The final report of the National Inquiry into Missing and Murdered Indigenous Women and Girls (MMIWG), which labeled the ongoing violence against Indigenous women and girls in Canada a “Canadian genocide” caused by “state actions and actions rooted in colonialism and colonial ideologies”, calls on Canadian society “to address the intersecting settler colonial and hetero-patriarchal wrongs that have led to the injustice of MMIWG,” argues Andrew Woolford, a former president of the International Association of Genocide Scholars and professor of sociology and criminology at the University of Manitoba.
Alberta Premier Rachel Notley’s fight against British Columbia’s efforts to stop the Kinder Morgan Trans Mountain pipeline expansion project ignores the pipeline’s negative impact on First Nations and Canada’s ongoing efforts at reconciliation with First Nations.
Indigenous-led Tiny House Warriors are building homes in the path of the Kinder Morgan’s Trans Mountain pipeline to protest the project, which would increase the flow of Alberta tar sands to the Vancouver coast from the current 300,000 barrels a day to 890,000.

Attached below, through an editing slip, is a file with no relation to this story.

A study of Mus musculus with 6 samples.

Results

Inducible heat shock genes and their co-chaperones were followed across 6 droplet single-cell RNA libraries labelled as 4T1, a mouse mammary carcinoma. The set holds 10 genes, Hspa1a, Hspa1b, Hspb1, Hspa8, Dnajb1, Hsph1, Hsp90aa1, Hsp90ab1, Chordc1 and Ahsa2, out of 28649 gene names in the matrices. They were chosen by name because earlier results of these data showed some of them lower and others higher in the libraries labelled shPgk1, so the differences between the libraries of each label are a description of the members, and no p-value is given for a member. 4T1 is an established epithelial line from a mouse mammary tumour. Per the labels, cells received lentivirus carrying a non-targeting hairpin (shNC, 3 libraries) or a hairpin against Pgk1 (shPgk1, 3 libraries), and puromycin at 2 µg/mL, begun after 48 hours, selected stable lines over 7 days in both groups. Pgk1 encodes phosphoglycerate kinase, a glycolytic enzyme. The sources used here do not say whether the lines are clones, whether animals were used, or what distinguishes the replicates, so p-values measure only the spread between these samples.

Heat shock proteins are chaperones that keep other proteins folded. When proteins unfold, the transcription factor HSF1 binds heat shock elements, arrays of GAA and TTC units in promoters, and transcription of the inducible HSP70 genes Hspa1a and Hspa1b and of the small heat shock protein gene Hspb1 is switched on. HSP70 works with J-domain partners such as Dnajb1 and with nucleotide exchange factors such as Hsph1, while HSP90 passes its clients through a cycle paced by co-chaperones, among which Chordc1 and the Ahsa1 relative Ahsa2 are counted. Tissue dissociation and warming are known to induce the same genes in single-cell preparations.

The recent decision by an all-white jury to acquit Gerald Stanley, the killer of Colten Boushie calls on us all to confront systematic racism and demand reforms to Canada’s justice system, which “works against Indigenous people at every level”.
Last week’s decision by an all-white jury to acquit Gerald Stanley, the killer of Colten Boushie, a young Indigenous man from the Red Pheasant Cree Nation in Saskatchewan, calls for an overhaul of Canada’s settler-based legal system, and an investigation into the racism embedded within Canadian society and police forces.
Canada is a signatory to nearly a dozen international legal instruments upholding human dignity and the rights of Indigenous women. But the agreements have yet to influence the current analysis of nearly 1200 Missing and Murdered Indigenous Women and Girls (MMIWG) in Canada.
The recent Standing Rock standoff over the Dakota Access Pipeline and eight-year Unist’ot’en resistance camp in northern British Columbia are a manifestation of “indigenous resurgence” against colonialism and fossil fuel developments, including pipelines.
Today, on the occasion of Canada 150, we should be asking ourselves tough questions relating to the role of public policy in Canada’s ongoing efforts at reconciling with Indigenous people. According to the Canadian Centre for Policy Alternatives: “Above all, we must deliberately put Indigenous voices and lived experiences at the centre of policy-making conversations in Canada”.